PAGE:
Common Brushtail Possum - Trichosurus vulpecula

Squirrel Glider - Petaurus norfolcensis

For many people in urban areas of Australia, the Common Brushtail Possum is a species that due to its noisy and at times destructive behaviour we love to hate. The Common Brushtail Possum has an extensive range and with this comes considerable variations in size and colour across Australia.

Housing requirements -   Common Brushtail Possums are a relatively easy species to keep. They require a high enclosure and a good size floor area to forage on the ground. Brushies are territorial and mostly solitary, so when considering housing a pair,  the larger the enclosure the better. Include a number of nest boxes to reduce potential disputes. DSE minimum enclosure size 10sq metres at 3 metres high for 1 animal with 5sq metre increased floor area for each additional animal. Enclosure sizes from, Jackson are 3.5L x 3.5W x 3H(M) space for each additional animal 2.0L x 2.0W(M). When furnishing the enclosure make sure feeding areas and nest boxes are protected from the weather. Make a base structure of furnishings with vertical and horizontal branches at different heights in the aviary. Natural rope can also be used. Adding larger fresh branches in addition to browse always changes the environment, keeps the animals active and provides the possums with new materials to build their nests with.

Health - As with any species good husbandry practices, clean enclosures, properly fed animals and enclosures not being over crowded, prevent the majority of disease and health issues. The basics to look for in Brushtails is ectoparasites (fleas, mites) endoparasites (worms). Protozoans (toxoplasmosis). As with any captive marsupials relationships can change quickly, with Brushies observational health checks can be the early identifyer for any potential problems. For more in depth health information refer to Australian Mammals Biology and Captive Management by Stephen Jackson. For information on diet. Breeding & introductions. Next box sizes & aviary design logon to the Members area.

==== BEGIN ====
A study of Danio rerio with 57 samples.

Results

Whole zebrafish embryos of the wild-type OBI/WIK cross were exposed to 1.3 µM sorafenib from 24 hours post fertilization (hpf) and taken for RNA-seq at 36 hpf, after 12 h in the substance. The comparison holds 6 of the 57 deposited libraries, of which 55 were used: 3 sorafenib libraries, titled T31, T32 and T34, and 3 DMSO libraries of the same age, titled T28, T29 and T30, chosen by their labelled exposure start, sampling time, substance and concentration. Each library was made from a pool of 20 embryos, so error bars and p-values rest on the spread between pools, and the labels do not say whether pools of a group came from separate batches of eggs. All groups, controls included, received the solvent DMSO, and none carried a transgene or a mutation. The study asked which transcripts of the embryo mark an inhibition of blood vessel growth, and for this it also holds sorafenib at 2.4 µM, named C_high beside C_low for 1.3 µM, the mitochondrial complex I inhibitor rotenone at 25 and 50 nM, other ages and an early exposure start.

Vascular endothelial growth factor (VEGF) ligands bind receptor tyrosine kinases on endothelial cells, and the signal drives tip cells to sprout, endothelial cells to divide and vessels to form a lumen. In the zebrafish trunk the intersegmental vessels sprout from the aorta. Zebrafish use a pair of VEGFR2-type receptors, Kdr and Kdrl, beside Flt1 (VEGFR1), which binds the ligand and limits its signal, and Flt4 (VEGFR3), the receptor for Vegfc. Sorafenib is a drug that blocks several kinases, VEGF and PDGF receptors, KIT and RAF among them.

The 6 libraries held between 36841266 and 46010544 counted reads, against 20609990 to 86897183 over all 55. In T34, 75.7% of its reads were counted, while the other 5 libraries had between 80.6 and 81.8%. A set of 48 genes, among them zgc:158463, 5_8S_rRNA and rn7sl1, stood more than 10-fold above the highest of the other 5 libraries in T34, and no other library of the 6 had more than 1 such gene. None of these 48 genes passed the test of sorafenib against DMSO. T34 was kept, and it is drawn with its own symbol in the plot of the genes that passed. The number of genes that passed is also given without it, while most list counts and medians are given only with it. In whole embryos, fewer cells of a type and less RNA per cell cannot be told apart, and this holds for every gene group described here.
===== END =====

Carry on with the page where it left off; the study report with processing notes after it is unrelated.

The Squirrel Glider was added to the Victoria Wildlife Schedules in 2009.  As a species it has found its way into private collections very successfully. A Squirrel Gilder has similar features to the the more commonly kept Sugar Glider, with the exception being that the Squirrell Glider is approximately twice the size of a Sugar Gilder.

Housing requirements - It is important to note Squirrel Gilder will hybridise with Sugar Gliders it is never recommended to house these species together. Recommended enclosure requirements are 5sq meters for 2 animals and 3m high. Increased floor area of 1.5sq meter per extra animal. For the construction of a Squirrel Glider aviary steel tube would be the best material. Wood exposed to the Glider will be chewed and treated timber should always be avoided. Wire used on aviaries is 12 mm x 12 mm x 1.4mm thick, weld mesh. Furnishing the aviary depends on the space you have, securing branches to the wire or planting them in the ground straight up and down to mimic tree trunks is a good start. It is unlikely that this species will glide unless given a large enclosure.

Health - As with any species good husbandry practices, clean enclosures, properly fed animals and enclosures not being over crowded, prevent the majority of disease and health issues. The basics to look for in Squirrell Gliders is ectoparasites (fleas, mites) endoparasites (worms). Protozoans (toxoplasmosis). Nutritional osteodystrophy - know as hind limb paralysis can be common in captive Sugar Gliders as a Petaurus species the Squirrel Glider should also have similar considerations with this potential captive issue. Caused by a calcium deficient diet, adding calcium to the diet can be done by calcium dusting insects or gut loading insects with a high calcium diet. For more in depth health information refer to Australian Mammals Biology and Captive Management by Stephen Jackson. For information on diet. Breeding & introductions. Next box sizes & aviary design logon to the Members area.